Can you travel or relocate with your child to another country?

If you live with your child in Norway and are considering travelling or relocating to another country, it is important that you make sure you do so lawfully.

If you live with your child in Norway and are considering travelling or relocating to another country, it is important that you make sure you do so lawfully.

This applies not least if you are currently involved in a divorce or similar situation in which decisions are going to be made about parental responsibility for the child. You should therefore clarify whether you are permitted to travel abroad with your child, either on holiday or as a permanent change in your country of residence.

If you wish to take your child abroad you should be aware of the following:

When you have sole parental responsibility:

  • you are, in principle, entitled to relocate abroad without the consent of the other parent. If the other parent has an agreement or decision with respect to access, the parent wishing to relocate must notify them no later than six weeks before relocation takes place.
  • when parental responsibility or permanent custody is in dispute, the child may not be relocated abroad. It is not necessary for legal proceedings to have been initiated. It is, for example, normally enough that the parents have attended mediation.

when parents have shared parental responsibility:

  • both parents must agree if the child is to be relocated to another country.
  • each of the parents may take the child abroad for a short stay, without the consent of the other parent.
  • the court may issue an order prohibiting even a short stay abroad if it is uncertain whether the child will return. The police may issue an order temporarily prohibiting the child from leaving the country until the case has been settled in court.

when you have no parental responsibility:

  • you may not take the child out of the country without the consent of the person who has parental responsibility, even for a short stay abroad.
  • if you nevertheless wish to take the child abroad on holiday, you may attempt to get a court order granting you permission to do so.

NB! Some countries require that when only ONE of the parents is travelling with the child, they must have the written consent of the non-travelling parent. Problems may arise in connection with entry/exit if such permission is not obtained. If you are travelling to a country that operates such a policy you should contact that country's embassy well ahead of time to find out what is required (often a signed authorisation).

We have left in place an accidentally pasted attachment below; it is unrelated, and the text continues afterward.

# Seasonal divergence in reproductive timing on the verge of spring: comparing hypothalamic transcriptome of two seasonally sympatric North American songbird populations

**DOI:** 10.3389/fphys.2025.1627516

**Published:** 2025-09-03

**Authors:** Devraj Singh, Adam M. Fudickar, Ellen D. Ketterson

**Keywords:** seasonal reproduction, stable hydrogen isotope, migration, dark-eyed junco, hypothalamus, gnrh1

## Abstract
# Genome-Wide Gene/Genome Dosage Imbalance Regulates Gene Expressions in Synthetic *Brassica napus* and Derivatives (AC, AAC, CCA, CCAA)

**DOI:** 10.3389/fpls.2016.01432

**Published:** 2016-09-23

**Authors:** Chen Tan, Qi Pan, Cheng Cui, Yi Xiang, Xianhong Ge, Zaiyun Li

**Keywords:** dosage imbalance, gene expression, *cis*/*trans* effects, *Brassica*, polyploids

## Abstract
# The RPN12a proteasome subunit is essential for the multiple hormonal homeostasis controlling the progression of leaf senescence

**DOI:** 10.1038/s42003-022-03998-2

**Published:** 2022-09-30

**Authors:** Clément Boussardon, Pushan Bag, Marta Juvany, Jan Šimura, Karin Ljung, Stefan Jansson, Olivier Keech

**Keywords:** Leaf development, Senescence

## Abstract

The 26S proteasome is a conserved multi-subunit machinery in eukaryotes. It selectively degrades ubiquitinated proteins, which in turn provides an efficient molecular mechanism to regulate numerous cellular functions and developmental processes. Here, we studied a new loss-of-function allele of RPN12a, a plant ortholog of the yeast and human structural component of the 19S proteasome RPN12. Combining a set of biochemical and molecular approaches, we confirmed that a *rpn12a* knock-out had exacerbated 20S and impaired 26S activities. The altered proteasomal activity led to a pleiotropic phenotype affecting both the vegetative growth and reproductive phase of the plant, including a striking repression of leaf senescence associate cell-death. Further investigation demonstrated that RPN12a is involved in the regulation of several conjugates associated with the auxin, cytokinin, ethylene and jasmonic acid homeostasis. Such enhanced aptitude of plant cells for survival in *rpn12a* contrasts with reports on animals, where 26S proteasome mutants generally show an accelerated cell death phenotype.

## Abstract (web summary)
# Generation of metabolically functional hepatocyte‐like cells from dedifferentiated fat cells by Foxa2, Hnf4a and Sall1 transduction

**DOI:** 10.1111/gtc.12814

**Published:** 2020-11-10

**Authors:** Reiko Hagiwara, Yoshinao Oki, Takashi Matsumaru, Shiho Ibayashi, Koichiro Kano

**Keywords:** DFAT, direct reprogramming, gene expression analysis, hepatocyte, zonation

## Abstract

You wish to relocate with your child to another country
Even though ONE parent has sole parental responsibility, the child is entitled to access with both parents. Good contact with both parents is usually very positive for the child. It is important that the parent with whom the child lives permanently facilitates access with the other. It can have a significant impact on the implementation of access, and thus the child's contact with the parent still living in Norway, if the child relocates to another country. Before the child relocates to another country the parents should therefore agree new access arrangements which take into consideration the fact that the child now lives abroad. It will often be practical to arrange longer but less frequent visits, whose timing takes account of the school holidays in the new country of residence. It may also be wise to agree other forms of contact between the child and the other parent, eg by telephone or email. Read more about agreements under Agreement between the parents. Read more about parental responsibility under Parental responsibility and travelling abroad with children and in chapter 5, particularly sections 40 and 41 of the Children Act.

See also the Guide for Norwegian families relocating abroad with children (only in Norwegian), a brochure published by the Ministry of Children, Equality and Social Inclusion. The guide provides an overview of the rights of children and young people, and what help is available if problems arise during a stay abroad.

Unlawful child abduction
It may be deemed unlawful child abduction should you take the child abroad in contravention of the rules stated above. Child abduction is a criminal offence under Section 216 of Norway's General Civil Penal Code. You could therefore face criminal prosecution, and you and the child may be placed on an international wanted list. This means that you may not cross a national border without risk of arrest and deportation to Norway. You also run the risk of the other parent initiating legal proceedings against you on the grounds of child abduction and with respect to custody. Should you carry out an unlawful child abduction the court may give weight to this fact in any subsequent custody hearing. 

If the child is abducted to a country that has signed the Hague Convention, that country's authorities will normally be obligated to ensure the child's immediate repatriation to Norway. Read more about this under To/from a Contracting State - the Hague Convention. Under the Council of Europe Convention the country's authorities are obligated to recognise and enforce Norwegian decisions relating to parental responsibility. This may also result in the child being repatriated to Norway. Read more about this under To/from a Contracting State - the Council of Europe Convention. If you take the child to a country that has not signed these conventions, the Norwegian Ministry of Foreign Affairs may provide the remaining parent with help to get the child returned to Norway. Read more about this under To/from a Non-Contracting State.